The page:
Stir-Fried Buckwheat

Stir-Fried Buckwheat

Make ahead: Prepare the buckwheat in advance, through drying the grains on a baking sheet: Cover the cooked, separate groats on their baking sheet and store in the fridge for up to 2 days.


  • 1 cup buckwheat groats/Hulled Buckwheat
  • 1 large egg, lightly beaten
  • 2 cups reduced-sodium vegetable broth
  • 2 tablespoons soy sauce (regular or reduced-sodium)
  • 2 tablespoons unseasoned rice vinegar
  • 1 teaspoon Asian chile paste or sambal
  • 1 teaspoon sugar
  • 2 tablespoons toasted sesame oil
  • 6 scallions, thinly sliced
  • 2 garlic cloves, minced
  • 1 tablespoon minced fresh ginger
  • 2 large carrots, shredded through the large holes of a box grater
  • 1 red bell pepper, seeded and chopped
  • 1/2 pound green beans, cut into 1/2-inch pieces

1. Pour the buckwheat groats into a large bowl and mix in the egg until they are well coated, all the grains separated from one another.

2. Heat a large, dry saucepan over medium heat. Pour in the coated groats and stir over the heat for 2 minutes to set the egg. The groats should still be separate from each other.

3. Pour in the broth and increase the heat to high. Bring to a boil. Cover, reduce the heat to low, and simmer until the liquid has been absorbed and the groats are tender, about 15 minutes.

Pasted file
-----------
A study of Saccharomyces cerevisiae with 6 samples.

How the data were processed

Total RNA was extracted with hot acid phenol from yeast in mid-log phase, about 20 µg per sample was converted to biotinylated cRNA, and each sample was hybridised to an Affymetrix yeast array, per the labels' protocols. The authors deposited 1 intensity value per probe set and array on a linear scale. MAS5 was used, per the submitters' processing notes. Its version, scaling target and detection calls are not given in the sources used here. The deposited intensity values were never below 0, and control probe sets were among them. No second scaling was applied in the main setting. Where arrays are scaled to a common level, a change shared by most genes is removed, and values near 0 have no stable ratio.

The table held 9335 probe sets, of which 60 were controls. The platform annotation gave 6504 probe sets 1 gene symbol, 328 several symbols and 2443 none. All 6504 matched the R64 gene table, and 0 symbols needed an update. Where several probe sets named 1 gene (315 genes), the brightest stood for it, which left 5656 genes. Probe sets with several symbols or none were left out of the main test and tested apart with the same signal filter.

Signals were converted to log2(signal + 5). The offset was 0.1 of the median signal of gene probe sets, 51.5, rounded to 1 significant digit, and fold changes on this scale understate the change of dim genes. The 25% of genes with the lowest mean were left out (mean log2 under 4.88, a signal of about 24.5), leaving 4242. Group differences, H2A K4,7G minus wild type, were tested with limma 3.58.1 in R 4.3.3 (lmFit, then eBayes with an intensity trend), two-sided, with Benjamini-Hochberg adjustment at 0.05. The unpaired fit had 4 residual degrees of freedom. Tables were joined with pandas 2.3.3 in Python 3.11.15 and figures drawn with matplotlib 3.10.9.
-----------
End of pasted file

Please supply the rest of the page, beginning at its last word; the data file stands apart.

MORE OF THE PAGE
4. Spread the buckwheat on a large rimmed baking sheet and cool for 10 minutes to make sure the grains stay separate, rather than glomming onto each other.

5. Meanwhile, whisk the soy sauce, vinegar, chile paste, and sugar in a small bowl.

6. Heat a large wok over medium-high heat. Swirl in the oil, then add the scallions, garlic, and ginger. Stir-fry for 30 seconds.

7. Add the carrots, bell pepper, and green beans. Stir-fry until crisp-tender, about 2 minutes. Add all the buckwheat. Continue stir-frying for 1 minute. Pour in the soy sauce mixture and bring to a simmer, tossing and stirring for 1 more minute.

Grain Swaps:
• Substitute 2 cups cooked long-grain brown rice for the buckwheat and omit all the buckwheat cooking steps.
• Buckwheat is sticky, so this very old-fashioned preparation (coating the groats in egg and then boiling them) keeps them separate—at which point they can be stir-fried, just like fried rice. • In truth, you can substitute buckwheat groats cooked in this manner for the rice in any fried rice stir-fry. We thought we’d offer a fairly straightforward preparation here to get you thinking about more uses for these tasty, nutty groats.